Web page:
Volcanic ash turns to ‘concrete’ after more La Soufriere eruptions

Volcanic ash in Georgetown, the capital of northeastern St. Vincent have turned to almost concrete following heavy rains and more eruptions on Friday, April 16, 2021.

Local media iWitness News reported that while the area is located in the danger zone as declared by authorities, residents are trying to prevent their roofs from collapsing under the weight of the ash.

Volcanic ash in Georgetown, the capital of northeastern St. Vincent have turned to almost concrete following heavy rains and more eruptions on Friday, April 16, 2021.


Break-ins & burglaries now rampant


Residents displaced from the ongoing volcanic activity have also been grappling with break-ins and burglaries when returning to their homes, after evacuation to stay at government shelters.

On Friday, after 41 hours without exploding, the volcano went off again at 6:16 am and has alerted authorities at how unpredictable the volcano can be with calls for persons to stay out of the danger zone, where the volcano-related hazards are greatest.

Ahead of the latest eruption, Volcanologist Professor Richard Robertson had said on local radio that based on observations, it had looked as if the volcano was out of the period of exploding.

“But, of course, Soufriere don’t like to be told what it is doing. So it proved me completely wrong,” said Robertson on NBC Radio on Friday. Mr Johnson had accurately predicted on Thursday, April 8, that the volcano could erupt within 24 to 48 hours, resulting in the first eruption.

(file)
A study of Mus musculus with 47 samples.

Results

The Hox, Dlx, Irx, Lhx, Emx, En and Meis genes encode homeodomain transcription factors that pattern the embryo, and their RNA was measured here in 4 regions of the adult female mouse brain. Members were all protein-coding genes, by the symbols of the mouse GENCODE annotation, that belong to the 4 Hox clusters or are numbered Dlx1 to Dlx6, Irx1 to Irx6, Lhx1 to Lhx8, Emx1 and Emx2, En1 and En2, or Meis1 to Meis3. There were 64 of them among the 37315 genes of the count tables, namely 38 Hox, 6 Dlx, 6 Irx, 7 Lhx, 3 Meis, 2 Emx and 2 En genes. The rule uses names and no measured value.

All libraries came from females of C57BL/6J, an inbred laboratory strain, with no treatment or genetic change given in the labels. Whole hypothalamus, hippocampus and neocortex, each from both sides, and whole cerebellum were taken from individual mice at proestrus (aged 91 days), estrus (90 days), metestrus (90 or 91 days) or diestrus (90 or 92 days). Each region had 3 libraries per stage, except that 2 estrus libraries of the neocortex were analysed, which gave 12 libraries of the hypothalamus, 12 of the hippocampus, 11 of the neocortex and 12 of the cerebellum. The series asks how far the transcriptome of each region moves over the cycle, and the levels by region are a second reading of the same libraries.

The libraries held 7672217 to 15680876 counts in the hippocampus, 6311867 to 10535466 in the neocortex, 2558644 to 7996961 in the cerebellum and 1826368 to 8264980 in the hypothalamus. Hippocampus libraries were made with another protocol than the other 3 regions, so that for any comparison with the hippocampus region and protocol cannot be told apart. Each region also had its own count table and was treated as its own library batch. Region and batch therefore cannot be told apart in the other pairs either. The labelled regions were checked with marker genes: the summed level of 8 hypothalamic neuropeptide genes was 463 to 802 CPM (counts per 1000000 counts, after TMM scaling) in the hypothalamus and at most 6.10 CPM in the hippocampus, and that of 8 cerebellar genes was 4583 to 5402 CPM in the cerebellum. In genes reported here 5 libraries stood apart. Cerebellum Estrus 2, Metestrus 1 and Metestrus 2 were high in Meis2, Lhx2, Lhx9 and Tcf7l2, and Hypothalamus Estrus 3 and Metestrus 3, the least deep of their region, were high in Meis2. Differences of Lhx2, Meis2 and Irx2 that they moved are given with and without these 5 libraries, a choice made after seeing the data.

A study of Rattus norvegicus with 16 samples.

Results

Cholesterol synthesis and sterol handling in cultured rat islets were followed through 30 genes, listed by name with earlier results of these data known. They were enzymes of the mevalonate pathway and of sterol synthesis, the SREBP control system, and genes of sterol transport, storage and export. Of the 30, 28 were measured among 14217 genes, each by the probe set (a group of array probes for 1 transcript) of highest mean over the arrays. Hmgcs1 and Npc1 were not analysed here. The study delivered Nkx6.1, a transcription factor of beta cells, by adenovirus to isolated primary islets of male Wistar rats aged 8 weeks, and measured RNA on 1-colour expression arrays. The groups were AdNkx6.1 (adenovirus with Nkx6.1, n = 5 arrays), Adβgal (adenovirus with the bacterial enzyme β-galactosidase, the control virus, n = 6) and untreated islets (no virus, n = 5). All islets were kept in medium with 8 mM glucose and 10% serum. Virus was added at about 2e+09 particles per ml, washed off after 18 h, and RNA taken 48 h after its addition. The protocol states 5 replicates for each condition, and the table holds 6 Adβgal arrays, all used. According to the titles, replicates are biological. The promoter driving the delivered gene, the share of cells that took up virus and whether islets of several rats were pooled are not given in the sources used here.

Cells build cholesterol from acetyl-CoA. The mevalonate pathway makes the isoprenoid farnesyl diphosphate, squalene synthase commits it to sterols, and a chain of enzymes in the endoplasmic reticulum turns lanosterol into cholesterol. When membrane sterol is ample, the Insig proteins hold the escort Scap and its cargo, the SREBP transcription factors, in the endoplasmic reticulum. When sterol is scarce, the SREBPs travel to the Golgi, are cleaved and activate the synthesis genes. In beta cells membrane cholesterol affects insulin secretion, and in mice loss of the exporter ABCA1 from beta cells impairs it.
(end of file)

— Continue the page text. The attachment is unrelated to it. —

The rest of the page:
Ahead of the latest eruption, Volcanologist Professor Richard Robertson had said on local radio that based on observations, it had looked as if the volcano was out of the period of exploding.


More explosions could come - Professor Robertson


“We are not out of the explosive period yet and we still could have explosions going forward. I don’t think I will be saying we are outside of the explosive period for a little while now,” Robertson said.

Meanwhile, St. Vincent Prime Minister Ralph E. Gonsalves reiterated his plea for persons to leave the red zone area as the volcano continues to erupt and generate possibly pyroclastic density currents (PCDs).

Despite the warnings, the Prime Minister said that on the Island, not many people affected by the volcano have indicated a willingness to evacuate to neighbouring Caribbean countires.

The Virgin Islands has so far organised cash relief and potable water supplies to be sent to the Island in its first relief effort, with Premier Hon Andrew A. Fahie (R1) indicating that the VI will do whatever it can to help the people of St. Vincent and the Grenadines.

Local media iWitness News reported that while the area is located in the danger zone as declared by authorities, residents are trying to prevent their roofs from collapsing under the weight of the ash

St. Vincent Prime Minister Ralph E. Gonsalves continues his plea for persons to leave the red zone area as the volcano continues to erupt and generate possibly pyroclastic density currents (PCDs).